In the previous chapters, comments were made relating to aberrations. Now it is time to discuss and explain them and find out how they affect the performance of an optical system.
In general, aberrations are deviations of an image point from its ideal position These aberrations come in various forms. For this fundamental tutorial text we limit ourselves to the so-called primary aberrations:
â¢ Spherical aberration
â¢ Field curvature
â¢ Axial chromatic aberration
â¢ Lateral chromatic aberration.
These seven aberrations will first be described and then expressions will be presented to be used for determining the quantitative impact of each on image quality.
3.2 Primary Aberrations
One can separate these aberrations by general categories. The first five types listed deal with monochromatic radiation; the last two address polychromatic effects. Sometimes the categories are split between on-axis and off-axis aberrations. By this definition, spherical and axial chromatic aberrations are on-axis aberrations because they refer to object points located on the optical axis (the system's axis of symmetry). The rest are off-axis aberrations.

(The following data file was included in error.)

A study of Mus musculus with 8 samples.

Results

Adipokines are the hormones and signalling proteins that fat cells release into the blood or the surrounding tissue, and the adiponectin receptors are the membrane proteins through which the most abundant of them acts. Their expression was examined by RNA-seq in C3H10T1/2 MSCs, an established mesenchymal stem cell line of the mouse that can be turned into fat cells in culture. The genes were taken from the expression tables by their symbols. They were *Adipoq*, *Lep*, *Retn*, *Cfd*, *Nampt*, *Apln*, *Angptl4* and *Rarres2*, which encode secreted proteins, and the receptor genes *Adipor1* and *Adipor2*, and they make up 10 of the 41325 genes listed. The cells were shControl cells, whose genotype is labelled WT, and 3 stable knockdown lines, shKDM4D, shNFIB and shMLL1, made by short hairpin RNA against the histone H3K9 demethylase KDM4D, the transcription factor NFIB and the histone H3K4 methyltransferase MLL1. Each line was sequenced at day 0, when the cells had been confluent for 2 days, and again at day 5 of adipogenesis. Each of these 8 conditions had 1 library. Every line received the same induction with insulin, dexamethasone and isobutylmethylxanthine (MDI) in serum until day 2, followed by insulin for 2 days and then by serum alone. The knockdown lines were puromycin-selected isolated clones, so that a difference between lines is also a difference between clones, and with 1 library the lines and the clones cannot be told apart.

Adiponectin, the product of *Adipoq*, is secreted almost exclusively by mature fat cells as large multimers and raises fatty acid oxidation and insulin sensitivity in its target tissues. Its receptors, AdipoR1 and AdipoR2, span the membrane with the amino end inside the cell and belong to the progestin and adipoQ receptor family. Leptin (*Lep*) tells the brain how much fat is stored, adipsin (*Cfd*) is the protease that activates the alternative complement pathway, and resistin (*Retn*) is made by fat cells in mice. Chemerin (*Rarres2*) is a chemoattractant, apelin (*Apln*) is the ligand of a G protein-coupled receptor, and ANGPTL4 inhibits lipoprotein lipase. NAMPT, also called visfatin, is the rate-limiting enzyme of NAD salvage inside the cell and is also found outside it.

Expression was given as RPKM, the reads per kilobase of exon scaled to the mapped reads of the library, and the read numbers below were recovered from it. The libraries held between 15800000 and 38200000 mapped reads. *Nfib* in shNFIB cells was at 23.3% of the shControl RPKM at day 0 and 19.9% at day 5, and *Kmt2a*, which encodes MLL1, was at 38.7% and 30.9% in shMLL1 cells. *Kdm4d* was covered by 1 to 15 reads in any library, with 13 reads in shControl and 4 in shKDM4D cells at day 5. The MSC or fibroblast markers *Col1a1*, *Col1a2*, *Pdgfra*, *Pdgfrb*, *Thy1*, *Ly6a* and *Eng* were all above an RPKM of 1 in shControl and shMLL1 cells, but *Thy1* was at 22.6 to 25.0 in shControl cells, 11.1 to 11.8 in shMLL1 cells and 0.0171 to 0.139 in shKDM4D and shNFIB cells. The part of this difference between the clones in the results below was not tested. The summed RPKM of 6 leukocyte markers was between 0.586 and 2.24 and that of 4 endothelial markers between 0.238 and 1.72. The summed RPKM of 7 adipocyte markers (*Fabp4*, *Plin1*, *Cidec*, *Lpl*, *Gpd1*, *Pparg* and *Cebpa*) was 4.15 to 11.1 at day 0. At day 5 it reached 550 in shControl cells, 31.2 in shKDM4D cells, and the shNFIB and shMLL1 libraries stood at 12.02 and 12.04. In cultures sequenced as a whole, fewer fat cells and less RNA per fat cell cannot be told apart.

3.2.1 Spherical aberration
Applying Snell's law across a spherical surface of a lens or a mirror shows that rays closer to the edge of such an element are bent more strongly than they should to meet with rays closer to the center of the element at the optical axis crossover point of these rays. However, because spherical surfaces are much easier to manufacture than aspheric ones, they are by far the more standard surface to be found in optical systems.
Figure 3.1 indicates that the marginal axial ray, after passing through the lens, intercepts the optical axis at point M. The ray offset from the optical axis by an infinitesimal amount (a ray in the paraxial region) intersects the axis at P.